Bluecatbabby asks…I’m always on the lookout for a cosmetic product that is both better and cheaper than what I’m already using. Looking around on the internet, I read about color cosmetics and skin care lotions, made for stage and film, from brands like Graftobian, Ben Nye, Kryolan, Cinema Secrets, and Mehron. I’m tempted to try them. Has anyone had any experience with this kind of product? Also, are stage cosmetics made any differently from other makeup? Is there any reason why someone shouldn’t wear them as everyday makeup?
The Right Brain responds:
Based on the ingredients used in stage makeup it looks like the answer is “sometimes not different at all,” “sometimes a little different,” and “sometimes a lot different.” Hows that for a definitive response? Well at the risk of over-elaborating, lets review a few examples from Mehron makeup one of the self-proclaimed leaders in theatrical cosmetics.
Lets look at the primer used to provide a smooth base for makeup application.
This product uses ingredients that are identical to those in Smashbox and other makeup primers. You know what else? Monistat bikini chafing gel makes a good makeup primer because it uses the same ingredients! So, there’s no benefit in buying special stage makeup primer.
A little different
What about more traditional makeup like eyeshadow and lipstick? Here are two more Mehron examples:
Castor Oil, Pentaerythrityl Tetracaprylate/Tetracaprate, Hydrogenated Castor Oil / Sebacic Acid Copolymer, Candellila , C10-30 Cholesterol / Lanosterol Ester, Microcrystalline Wax, Ceresin , Carnauba , Aloe Barbadensis Leaf Extract, Tocopheryl Acetate (Vitamin E), Methylparaben, Propylparaben. May Contain: D&C Red 6 Lake (CI 15850), D&C Red 7 Lake (CI 15850), Mica.
If you’re a fan of reading ingredient lists (don’t laugh, Left Brain reads the Encyclopedia of Cosmetic Ingredients every night before bed) these chemicals should be familiar. That’s because they’re the same basic ingredients used in every lipstick and eyeshadow. In the case of stage makeup, though, some ingredient levels are increased to improve longevity. While it’s worth it for performers to ensure that eyeshadow doesn’t crease, you may not like the way the product feels (or looks like up close.) Unfortunately the only way to know for sure is to try it for yourself.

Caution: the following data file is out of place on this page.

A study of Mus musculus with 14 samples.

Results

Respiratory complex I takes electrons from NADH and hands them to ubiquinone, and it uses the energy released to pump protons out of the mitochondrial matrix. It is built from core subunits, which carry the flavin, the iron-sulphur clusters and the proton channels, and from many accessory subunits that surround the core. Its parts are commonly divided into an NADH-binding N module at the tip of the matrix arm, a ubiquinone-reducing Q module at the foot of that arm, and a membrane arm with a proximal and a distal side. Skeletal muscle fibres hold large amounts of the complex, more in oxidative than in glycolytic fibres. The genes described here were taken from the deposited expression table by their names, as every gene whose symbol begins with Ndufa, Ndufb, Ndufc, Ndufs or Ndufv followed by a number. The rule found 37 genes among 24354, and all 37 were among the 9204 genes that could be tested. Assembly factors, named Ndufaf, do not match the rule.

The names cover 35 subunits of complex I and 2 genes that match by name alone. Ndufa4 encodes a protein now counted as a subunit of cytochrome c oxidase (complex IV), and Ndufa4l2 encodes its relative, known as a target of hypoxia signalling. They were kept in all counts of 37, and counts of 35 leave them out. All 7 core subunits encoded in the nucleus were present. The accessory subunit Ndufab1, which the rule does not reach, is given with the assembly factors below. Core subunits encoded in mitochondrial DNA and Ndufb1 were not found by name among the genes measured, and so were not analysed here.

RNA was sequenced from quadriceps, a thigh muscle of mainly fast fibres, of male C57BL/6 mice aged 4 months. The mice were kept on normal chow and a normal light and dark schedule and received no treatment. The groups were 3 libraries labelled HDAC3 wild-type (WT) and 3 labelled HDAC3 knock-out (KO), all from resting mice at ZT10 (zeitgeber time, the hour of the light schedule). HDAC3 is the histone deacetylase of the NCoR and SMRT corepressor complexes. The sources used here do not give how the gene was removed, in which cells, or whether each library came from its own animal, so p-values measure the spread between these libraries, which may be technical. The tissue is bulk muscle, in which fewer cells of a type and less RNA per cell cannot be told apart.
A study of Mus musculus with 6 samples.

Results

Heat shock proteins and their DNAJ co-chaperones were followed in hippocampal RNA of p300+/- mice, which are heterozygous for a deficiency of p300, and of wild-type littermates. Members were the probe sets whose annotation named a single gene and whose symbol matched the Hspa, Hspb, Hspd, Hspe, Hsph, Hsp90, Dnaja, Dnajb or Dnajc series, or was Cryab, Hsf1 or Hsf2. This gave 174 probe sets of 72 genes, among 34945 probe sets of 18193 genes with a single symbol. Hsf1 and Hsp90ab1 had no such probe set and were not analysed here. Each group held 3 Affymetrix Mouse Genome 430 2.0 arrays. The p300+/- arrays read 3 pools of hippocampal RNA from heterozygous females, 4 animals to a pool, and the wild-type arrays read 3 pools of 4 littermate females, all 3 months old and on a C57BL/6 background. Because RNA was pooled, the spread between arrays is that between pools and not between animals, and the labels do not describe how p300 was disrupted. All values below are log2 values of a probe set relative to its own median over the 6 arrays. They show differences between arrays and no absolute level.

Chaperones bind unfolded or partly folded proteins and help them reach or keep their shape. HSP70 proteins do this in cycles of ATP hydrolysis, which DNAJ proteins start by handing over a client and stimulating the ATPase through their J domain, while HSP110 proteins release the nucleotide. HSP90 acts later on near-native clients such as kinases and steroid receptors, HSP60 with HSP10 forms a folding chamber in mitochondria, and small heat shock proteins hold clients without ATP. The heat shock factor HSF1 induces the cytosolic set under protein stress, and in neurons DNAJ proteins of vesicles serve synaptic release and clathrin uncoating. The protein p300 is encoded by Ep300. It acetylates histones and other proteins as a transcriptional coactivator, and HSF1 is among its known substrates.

A lot different
Greasepaint is a good example of a stage makeup that’s extremely different than drug store products.
Mineral Oil, Ozokerite, Petrolatum, Lanolin, Isopropyl Lanolate, Sorbitan Sesquioleate, Fragrance. May Contain: Titanium Dioxide (CI 77891), D&C Red 7 Lake (CI 15850), D&C Red 6 Lake (CI 15850), Ultramarines (CI 77007), D&C Yellow 5 Lake (CI 19140), Chromium Oxide Green (CI 77288), Iron Oxides (CI 77489), Aluminum Powder (CI 77000), Mica (CI 77019), Talc.
While these are pretty standard ingredients the oil phase is heavier than a traditional foundation. It’s designed to deliver a heavy coating of pigment so that other colors can be applied on top of it (think “clown face.”) It’s also specially formulated not to crack or crease. You’d never wear anything this heavy or pigmented like that in your private life.
Stage makeup is formulated with the same pallet of ingredients as regular cosmetics. In some cases the formulas are exactly the same as drug store products. In other cases they are amped up to more crease resistant and sweat proof to stand up to the rigors of performing. If you experiment you might find some stage makeup that you like better than your regular brands. But stay away from greasepaint unless you want to end up looking like a clown.